As of Tuesday, an estimated 8,500 refugees have taken up residence in tent cities in the southern Turkish border province of Hatay, reported the state-run Anatolia news agency, and thousands more have entered Lebanon.

“Terrified” residents continue to leave the Syrian town of Jisr al-Shughour, where the Syrian army regained control Sunday after an uprising left at least 100 security personnel dead, according to a video report from the Associated Press. Local residents described random shootings by government forces and the torching of farmlands. Restrictions on foreign journalists within Syria make it difficult to verify the accounts.

We spoke to Carol Batchelor, representative of the U.N. High Commissioner for Refugees in Turkey, about the refugee situation there:

At what pace are refugees filling the tent cities?

CAROL BATCHELOR: It’s fairly rapid. In the space of the last week, we have had almost 9,000 persons arrive. And the tent cities are accommodating — four are almost filled and a fifth one is under construction. So the space is being reached rather rapidly.

Turkey has said at the highest level that the borders with Syria will remain open, that anyone seeking protection will receive it and no one will be forcibly returned. And this is what we’re seeing on the ground.

Are the refugees able to bring anything with them?

CAROL BATCHELOR: Some do. Many are fleeing the town just over the border, called Jisr al-Shughour, which is just a 15 km distance, so it’s fairly close to the Turkish border, and people were able to bring certain things with them. Largely to some extent this was a proactive undertaking by people who were very fearful. Some had actually been in demonstrations, some had been in situations of unrest, but others were very fearful about what might happen. Some took flight before circumstances worsened in this town, so to some extent people were able to bring things with them. But largely they were just moving very quickly to seek safety and shelter.

Are they getting the medical, food and water supplies that they need?

CAROL BATCHELOR: I have met with Turkish officials, and we’ve been discussing it for some time. While we hoped this situation would not occur, this has been a possibility for some time. The Turkish Red Crescent, which has very good experience both in Turkey and elsewhere in the world, is on the ground. They have contingency plans. They have good stockpiles of tents and non-food items, and they are managing these tent cities. From all accounts, including persons who are crossing into Turkey, they are doing an excellent job.

Some people who have crossed the border are wounded and they are being taken to medical facilities and having their wounds treated. But the vast majority are women and children, and they have special needs, also the elderly. And these are being very closely attended to, and we are very pleased to see this. But of course, we are very concerned and hopeful that the situation can be rapidly resolved.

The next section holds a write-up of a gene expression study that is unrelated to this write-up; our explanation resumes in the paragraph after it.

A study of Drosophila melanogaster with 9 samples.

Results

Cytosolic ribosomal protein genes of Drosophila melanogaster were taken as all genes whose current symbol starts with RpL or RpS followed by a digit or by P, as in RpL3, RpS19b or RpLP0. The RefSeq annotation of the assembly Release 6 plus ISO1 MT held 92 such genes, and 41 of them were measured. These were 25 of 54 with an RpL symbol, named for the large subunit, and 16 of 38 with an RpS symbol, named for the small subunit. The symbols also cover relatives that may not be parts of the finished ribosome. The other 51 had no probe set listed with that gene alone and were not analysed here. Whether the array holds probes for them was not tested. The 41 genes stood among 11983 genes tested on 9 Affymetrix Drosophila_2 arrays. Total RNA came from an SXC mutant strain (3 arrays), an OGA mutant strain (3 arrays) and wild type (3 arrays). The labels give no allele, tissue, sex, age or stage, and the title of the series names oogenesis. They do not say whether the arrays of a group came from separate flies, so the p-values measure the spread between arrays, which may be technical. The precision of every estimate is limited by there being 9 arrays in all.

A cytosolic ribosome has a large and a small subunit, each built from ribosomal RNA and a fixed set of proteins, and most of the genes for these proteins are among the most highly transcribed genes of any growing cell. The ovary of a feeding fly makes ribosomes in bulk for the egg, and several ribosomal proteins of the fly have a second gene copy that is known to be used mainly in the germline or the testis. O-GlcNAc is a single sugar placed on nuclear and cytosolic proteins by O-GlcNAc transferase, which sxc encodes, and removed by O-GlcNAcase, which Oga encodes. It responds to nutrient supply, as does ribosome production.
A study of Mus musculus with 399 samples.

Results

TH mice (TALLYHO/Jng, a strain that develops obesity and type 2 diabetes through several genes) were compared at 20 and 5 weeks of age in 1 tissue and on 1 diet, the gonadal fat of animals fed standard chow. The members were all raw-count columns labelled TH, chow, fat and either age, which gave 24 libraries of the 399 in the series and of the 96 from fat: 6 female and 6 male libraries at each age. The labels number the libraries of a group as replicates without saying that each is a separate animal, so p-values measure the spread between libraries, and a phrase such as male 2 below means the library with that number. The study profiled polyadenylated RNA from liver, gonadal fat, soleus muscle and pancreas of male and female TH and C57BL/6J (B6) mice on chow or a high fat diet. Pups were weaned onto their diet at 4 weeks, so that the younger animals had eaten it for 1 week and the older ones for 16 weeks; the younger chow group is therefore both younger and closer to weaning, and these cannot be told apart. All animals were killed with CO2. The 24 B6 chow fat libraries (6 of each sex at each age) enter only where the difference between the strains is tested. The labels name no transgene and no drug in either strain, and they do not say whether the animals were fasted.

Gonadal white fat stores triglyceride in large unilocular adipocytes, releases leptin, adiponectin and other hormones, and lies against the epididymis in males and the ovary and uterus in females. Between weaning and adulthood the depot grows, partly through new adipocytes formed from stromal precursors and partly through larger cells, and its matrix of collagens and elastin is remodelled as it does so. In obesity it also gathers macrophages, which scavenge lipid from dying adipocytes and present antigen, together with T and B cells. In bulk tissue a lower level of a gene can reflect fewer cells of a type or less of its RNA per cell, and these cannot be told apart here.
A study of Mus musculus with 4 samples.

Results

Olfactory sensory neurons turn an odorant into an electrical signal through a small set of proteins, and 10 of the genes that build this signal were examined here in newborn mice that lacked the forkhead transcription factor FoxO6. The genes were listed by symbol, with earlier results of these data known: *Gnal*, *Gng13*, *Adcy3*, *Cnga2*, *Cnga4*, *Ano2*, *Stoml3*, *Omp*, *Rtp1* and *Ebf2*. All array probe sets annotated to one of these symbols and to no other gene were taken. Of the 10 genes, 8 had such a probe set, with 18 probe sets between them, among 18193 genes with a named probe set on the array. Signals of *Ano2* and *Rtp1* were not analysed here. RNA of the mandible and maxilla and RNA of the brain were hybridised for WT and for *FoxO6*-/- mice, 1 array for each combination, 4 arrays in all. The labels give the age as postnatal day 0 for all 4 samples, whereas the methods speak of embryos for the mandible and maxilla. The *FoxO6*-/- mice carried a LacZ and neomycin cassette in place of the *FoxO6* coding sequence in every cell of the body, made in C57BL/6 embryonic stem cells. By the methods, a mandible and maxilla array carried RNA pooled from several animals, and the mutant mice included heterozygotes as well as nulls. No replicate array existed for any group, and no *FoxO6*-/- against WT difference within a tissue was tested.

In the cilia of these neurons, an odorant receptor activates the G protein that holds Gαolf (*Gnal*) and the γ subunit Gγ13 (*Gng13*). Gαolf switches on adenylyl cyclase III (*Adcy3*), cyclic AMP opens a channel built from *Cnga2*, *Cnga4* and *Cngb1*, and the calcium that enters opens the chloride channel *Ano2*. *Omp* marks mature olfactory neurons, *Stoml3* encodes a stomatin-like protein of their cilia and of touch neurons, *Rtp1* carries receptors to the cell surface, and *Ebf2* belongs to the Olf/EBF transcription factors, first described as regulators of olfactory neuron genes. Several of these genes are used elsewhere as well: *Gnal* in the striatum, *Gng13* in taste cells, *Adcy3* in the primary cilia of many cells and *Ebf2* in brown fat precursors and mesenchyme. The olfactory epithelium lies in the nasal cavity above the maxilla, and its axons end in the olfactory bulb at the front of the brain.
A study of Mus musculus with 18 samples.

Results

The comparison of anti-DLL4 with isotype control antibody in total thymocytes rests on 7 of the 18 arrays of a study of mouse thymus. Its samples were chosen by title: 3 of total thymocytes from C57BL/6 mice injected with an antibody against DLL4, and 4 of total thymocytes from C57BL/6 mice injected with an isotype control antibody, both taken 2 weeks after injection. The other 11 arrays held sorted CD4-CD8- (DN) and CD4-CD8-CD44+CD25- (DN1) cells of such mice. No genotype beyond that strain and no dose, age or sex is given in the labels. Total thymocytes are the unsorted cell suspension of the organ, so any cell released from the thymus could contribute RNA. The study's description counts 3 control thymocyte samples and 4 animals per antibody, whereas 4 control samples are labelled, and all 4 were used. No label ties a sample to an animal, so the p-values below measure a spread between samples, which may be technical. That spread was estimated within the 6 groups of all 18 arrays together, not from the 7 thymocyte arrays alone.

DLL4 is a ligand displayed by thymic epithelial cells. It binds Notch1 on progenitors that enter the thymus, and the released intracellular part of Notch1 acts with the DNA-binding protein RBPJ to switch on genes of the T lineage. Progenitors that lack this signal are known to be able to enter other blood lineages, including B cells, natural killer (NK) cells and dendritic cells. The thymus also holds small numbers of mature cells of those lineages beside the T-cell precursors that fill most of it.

Is there any danger that supplies will run out at some point if people keep coming?

CAROL BATCHELOR: This is a concern. There are questions about the number of persons who may be at the other side of the border, some who may not have decided whether they want to cross into Turkey yet. They’re waiting to see how things will unfold in Syria. So there is a possibility that these numbers would augment.

Both within the provinces on the ground and in Ankara, authorities have contingency plans and they are very well prepared. But of course, for any substantial numbers, the local systems would have a limit. So this is where I believe that the Turkish Red Crescent has stockpiles and supplies in different locations, and they may need to call upon these stockpiles.

Certainly the international community has offered the full scope of support to the government of Turkey. For the time being, they are not in need of that, but it is available should that situation unfold.

Is there any sense of when the refugees can return home?

CAROL BATCHELOR: Of course, many are very anxious. It’s the time of year when they have planted their crops and they are emerging. They are anxious about their livelihoods. They’re very anxious about their loved ones. And given the opportunity, I think many would be seeking to return as quickly as possible. But there do need to be assurances of safety. And so this is a key element that we will be looking for.


Jonathan Head of BBC News reports on how some residents of Jisr al-Shughour don’t want to become refugees in Turkey but are too afraid to return home, so they are camping out near the Turkish border.

The Wall Street Journal has an interactive showing day-to-day developments in Syria, including refugee movements.